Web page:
In an ever-changing business environment, leadership strategy has never been more important.
Mark Braithwaite, Managing Director of Odgers Berndtson APAC, and James McQuivey, VP, Research Director of Forrester’s Future of Work recently hosted a webinar to discuss this, alongside our recently published Leadership Confidence Index Report. Watch the recent webinar on demand here.
In our recent webinar, James and I explained the impact the pandemic has had on leadership, and explored key themes reflected in the Index’s data – exploring ultimately, what this means for the future of leadership and leaders themselves in a world full of disruption?
In short, leaders must now focus on resilience, technology and all facets of employee wellbeing and inclusion to ensure their organizations remain relevant and competitive.
Leaders are doing better than they were
One of the most interesting discoveries from our latest published report in the Leadership Confidence series is the very distinct growth in confidence that business executives have in their leaders, with the figures in confidence almost doubling over the past two years. This was the biggest question facing our two hosts, why - and what should leaders now need to focus on to get the full support of their board and executives?
Ultimately, the pandemic had a catalyst effect forcing an organization’s leaders to the fore, to actively weather and visibly lead their teams through a global crisis that could not have been prepared for, let alone imagined.
Ready to adapt or risk being left behind
When asked about the confidence in their leaders’ specific skills, it was found that motivation, resilience, and stakeholder management were consistently marked the highest. Given the increased disruption that is almost certainly on the horizon, this is a very positive finding.
However, there is still more work to be done. Data analysis, data acumen, and emotional intelligence were the lowest scored skills indicating that the pandemic was a catalyst in certain areas.
Boards want to replace leaders they believe either can’t - or haven’t - adapted quickly enough to the disruption of the pandemic. The bar for good leadership has become higher as a result.
Technology is now considered an enabler, not a disruptor
Organizations have historically viewed technology as an important element to the running of the business. Although as a result of the pandemic, there was a shift: organizations now need to update their technology platforms to remain competitive, think systems for remote working, cyber security risks, AI and the shift to cloud.
Suddenly technology went from being the ‘thing the CTO did’ to something all executives needed to be involved in. Watch the webinar on demand here.
Our findings show that executives are now intentionally incorporating technology change into their strategic thinking and that they no longer view it as something to be delegated to a specific IT department.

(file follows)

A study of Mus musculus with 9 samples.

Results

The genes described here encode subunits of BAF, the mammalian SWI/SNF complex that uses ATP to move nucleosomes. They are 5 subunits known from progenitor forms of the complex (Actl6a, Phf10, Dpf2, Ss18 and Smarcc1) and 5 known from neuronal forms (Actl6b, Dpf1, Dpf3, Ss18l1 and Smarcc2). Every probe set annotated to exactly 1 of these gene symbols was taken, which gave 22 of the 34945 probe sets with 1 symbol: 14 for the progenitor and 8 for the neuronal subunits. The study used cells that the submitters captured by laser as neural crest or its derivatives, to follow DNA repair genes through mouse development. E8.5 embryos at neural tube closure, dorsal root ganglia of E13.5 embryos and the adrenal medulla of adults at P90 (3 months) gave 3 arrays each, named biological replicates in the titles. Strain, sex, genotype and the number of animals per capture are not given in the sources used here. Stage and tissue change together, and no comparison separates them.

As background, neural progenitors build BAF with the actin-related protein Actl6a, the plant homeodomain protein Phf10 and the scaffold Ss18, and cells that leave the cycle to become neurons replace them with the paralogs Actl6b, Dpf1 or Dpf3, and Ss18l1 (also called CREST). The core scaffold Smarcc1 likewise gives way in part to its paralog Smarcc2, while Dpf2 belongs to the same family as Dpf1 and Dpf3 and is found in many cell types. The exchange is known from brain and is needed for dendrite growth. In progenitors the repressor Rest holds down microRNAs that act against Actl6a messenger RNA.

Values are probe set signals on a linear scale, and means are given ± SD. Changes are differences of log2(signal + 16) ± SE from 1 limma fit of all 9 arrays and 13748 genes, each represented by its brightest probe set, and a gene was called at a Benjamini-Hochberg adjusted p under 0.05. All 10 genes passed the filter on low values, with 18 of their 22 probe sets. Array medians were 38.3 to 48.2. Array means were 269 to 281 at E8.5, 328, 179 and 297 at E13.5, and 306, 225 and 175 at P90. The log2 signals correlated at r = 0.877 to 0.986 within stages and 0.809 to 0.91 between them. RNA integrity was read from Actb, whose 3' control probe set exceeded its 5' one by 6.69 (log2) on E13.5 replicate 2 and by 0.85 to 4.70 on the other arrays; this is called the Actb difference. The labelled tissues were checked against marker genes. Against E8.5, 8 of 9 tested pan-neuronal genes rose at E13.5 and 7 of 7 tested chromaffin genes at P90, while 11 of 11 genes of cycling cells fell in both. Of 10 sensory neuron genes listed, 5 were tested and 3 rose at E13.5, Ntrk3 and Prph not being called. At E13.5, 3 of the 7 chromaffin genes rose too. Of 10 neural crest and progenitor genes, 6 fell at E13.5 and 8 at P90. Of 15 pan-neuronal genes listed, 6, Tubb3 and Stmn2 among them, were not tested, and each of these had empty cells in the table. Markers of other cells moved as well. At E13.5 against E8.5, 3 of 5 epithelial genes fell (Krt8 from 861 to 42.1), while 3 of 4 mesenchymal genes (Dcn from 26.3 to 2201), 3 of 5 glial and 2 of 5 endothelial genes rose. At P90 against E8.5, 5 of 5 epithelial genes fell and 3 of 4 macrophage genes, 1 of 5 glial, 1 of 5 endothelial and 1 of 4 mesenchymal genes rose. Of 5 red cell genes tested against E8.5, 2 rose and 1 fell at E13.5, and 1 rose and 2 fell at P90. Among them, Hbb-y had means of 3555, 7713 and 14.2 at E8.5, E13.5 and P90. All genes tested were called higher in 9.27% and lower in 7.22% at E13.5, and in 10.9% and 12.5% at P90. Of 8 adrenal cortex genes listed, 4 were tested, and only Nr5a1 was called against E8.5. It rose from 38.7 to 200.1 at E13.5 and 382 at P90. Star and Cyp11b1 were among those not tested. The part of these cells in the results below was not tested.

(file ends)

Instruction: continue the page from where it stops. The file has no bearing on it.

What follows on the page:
We’re seeing more CTOs and CIOs reporting directly into the CEO, rather than the CFO. The change shows more leaders now want to better understand technology and have the best of - beyond simply how they can reduce the cost of it.
We expect there will be a period of deliberate ‘tech savviness’ amongst leaders, which then moves into a period of assumed tech understanding.
ESG and DE&I took on greater importance
After two years of working from home, values have changed, and individual principles have shifted. The place and purpose of an organization in society is becoming more important. Employees will now join or leave an organization based on whether the organization’s values align with their own.
Our findings regarding both the ESG and DE&I agendas, show that executives fundamentally believe these are critical, and communicating those agendas to employees even more so - but building specific initiatives in support of these agendas is where we saw the least positivity.
If the actions don’t rise to the same level as the aspirations, then organizations risk empty platitudes and our data suggests that this risk is very real.
Very few respondents admitted their organization set leadership diversity targets or had put in place diversity initiatives, for example.
More disruption to come
Our Index shows that 79% of respondents believe disruption in the future will either increase or stay the same, i.e., experience similar levels of disruption that have been caused by the pandemic. Read more on those data findings here.
What is most apparent from the Index series is that change is now a constant.
The most effective leaders will look to use technology to solve the disruption and gain an advantage over their competitors.
A key takeaway for leaders
Any organization can use the data within the report to isolate specific successes as well as targets to focus and build upon.
Download and view the report here.
One such primary confidence indicator throughout the pandemic has been well-being and guidance from their leaders. Simply put, employees that feel looked after have marked higher confidence in their leaders. We believe authentic empathy plays a key role in successful leadership.
From our own experience in searching for top leaders, we know that the accelerated pace of change within organizations is resulting in greater executive turnover and leaders need to adapt, or risk getting left behind.
To discuss the changing landscape of leadership and your own organizational needs, please do get in touch with us here or your local Odgers Berndtson contact.